Charging the Rhino has a lot in common with The Last Jews of Libya, which I wrote about recently, both in content and in style.
Both are part personal history film and part historical documentary. Both have to do with the Holocaust in general, and the pre- and post-war fate of the Jews in one country in particular (Libya in one case; Romania in the other). Both focus on a particular Jewish family, and both filmmakers are surviving members of that family. One notes that a once-thriving Jewish population in Libya has been reduced to zero; the other that the Jewish population of Romania has dropped from 700,000 or so before World War II, to about 10,000 mostly elderly folks today. One augments tales of Fascist anti-semitism and murder with that of Arabs; the other with that of Soviet-style Communists. Both are told in a fairly straightforward, serious, understandable manner, with little or no excessive artsiness, surrealism, humor, or anything like that. They are almost the identical length.
No doubt both film projects are very admirable and very worthwhile. I found, though, that in spite of all their similarities, and in spite of having liked The Last Jews of Libya, I liked Charging the Rhino noticeably more.
As to why this documentary got through to me even a little better than the earlier one, I think I can identify at least some of the reasons.
In this film, the filmmaker personalized it more by appearing on camera and making it in part his story. He also provides his own narration, whereas the earlier film used an actress as narrator. I felt a little more emotional connection to the filmmaker and what he was relating through his film as a result.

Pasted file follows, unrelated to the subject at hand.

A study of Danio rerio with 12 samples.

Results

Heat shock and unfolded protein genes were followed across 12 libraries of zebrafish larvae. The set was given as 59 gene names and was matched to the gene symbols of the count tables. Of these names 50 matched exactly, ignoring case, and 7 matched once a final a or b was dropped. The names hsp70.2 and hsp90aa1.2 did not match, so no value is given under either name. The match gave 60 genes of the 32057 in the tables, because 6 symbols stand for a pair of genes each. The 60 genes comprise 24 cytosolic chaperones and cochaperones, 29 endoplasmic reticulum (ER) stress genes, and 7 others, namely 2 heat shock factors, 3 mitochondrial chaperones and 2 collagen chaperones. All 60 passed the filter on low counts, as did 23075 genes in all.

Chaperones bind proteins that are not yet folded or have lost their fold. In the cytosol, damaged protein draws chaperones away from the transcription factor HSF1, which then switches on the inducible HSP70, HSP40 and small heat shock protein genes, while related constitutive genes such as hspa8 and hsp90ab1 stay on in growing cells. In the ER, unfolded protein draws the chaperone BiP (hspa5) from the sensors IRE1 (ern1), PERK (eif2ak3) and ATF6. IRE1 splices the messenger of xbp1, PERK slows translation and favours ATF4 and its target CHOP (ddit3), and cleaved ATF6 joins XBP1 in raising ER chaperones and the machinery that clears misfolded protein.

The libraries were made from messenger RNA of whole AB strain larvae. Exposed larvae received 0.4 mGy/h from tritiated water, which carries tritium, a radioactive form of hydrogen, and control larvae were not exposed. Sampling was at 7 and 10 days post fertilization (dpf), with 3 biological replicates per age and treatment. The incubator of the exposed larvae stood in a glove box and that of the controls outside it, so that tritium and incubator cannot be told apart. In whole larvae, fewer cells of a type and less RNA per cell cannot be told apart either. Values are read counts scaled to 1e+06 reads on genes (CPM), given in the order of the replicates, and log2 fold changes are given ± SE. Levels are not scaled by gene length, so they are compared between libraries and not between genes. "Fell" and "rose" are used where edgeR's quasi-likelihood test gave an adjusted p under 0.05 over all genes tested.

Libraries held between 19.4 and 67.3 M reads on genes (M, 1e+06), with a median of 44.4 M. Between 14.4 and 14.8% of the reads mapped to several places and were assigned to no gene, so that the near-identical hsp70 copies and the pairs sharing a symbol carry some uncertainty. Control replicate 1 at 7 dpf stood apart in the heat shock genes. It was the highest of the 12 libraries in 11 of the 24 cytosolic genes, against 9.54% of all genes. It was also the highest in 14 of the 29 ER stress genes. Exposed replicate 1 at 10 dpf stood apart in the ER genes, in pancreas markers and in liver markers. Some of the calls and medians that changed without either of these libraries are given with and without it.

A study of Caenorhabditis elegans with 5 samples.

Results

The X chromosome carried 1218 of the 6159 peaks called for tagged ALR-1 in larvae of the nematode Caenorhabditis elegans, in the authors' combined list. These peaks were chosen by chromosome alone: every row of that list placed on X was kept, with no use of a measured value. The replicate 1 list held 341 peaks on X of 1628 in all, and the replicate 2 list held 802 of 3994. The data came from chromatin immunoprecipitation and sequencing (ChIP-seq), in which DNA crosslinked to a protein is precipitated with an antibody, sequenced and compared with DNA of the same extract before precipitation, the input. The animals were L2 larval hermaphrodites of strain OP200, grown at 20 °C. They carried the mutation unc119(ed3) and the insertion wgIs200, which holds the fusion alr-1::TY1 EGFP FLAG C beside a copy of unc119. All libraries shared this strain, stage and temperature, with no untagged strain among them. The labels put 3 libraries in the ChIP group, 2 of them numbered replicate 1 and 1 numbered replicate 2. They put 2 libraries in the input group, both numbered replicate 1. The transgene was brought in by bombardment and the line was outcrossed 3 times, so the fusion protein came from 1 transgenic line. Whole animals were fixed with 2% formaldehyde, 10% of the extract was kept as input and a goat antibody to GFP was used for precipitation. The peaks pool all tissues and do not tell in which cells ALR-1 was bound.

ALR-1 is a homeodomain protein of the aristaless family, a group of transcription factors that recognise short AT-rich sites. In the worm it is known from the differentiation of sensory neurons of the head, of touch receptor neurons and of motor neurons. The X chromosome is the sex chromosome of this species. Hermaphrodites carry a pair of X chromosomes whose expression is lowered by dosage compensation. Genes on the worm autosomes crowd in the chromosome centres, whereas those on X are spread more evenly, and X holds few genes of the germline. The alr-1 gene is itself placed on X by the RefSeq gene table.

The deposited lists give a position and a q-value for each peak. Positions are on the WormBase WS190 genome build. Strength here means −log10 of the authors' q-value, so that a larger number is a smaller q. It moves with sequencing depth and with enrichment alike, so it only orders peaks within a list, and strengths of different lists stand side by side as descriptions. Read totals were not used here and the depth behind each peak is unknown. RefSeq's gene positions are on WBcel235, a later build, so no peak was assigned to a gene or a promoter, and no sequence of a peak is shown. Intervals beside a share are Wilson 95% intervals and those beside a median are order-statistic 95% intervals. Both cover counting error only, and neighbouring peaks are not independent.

In this film, two people—the filmmaker’s father and his cousin—get almost all the focus, whereas The Last Jews of Libya spread itself more thinly by covering a larger number of family members.
Furthermore, both the father and the cousin have especially striking stories that make them even easier to remember—the father survived a mass execution of Jews when he was rescued from the corpses with a bullet lodged in his chest alongside his heart, which remained there for the several more decades he lived, and the cousin was executed as a bank robber by the post-war Communist regime in Romania—whereas although plenty of interesting and tragic things happen to various family members in The Last Jews of Libya, the stories didn’t grab my attention and stick in my mind in quite the same way.
I also think in this film the storytelling about the cousin and the bank robbery in particular was maybe a little more sophisticated in the way it trickled out the details so as to create some suspense and raise some questions to be resolved later. In general, narratively this film feels just a little more like it was put together by a more advanced and confident filmmaker.
In addition, there was a bit more of a story to the contemporary events in this film. Part of what this film does is follow the filmmaker and his sister back to Romania as they do things like try to reclaim lost family property, and create some kind of memorial for the murdered Jews. I don’t recall The Last Jews of Libya having anything corresponding too closely to that additional dramatic element.
I applaud and recommend both films, though if for some reason a person could only watch one of them, I’d pick Charging the Rhino by a slim margin.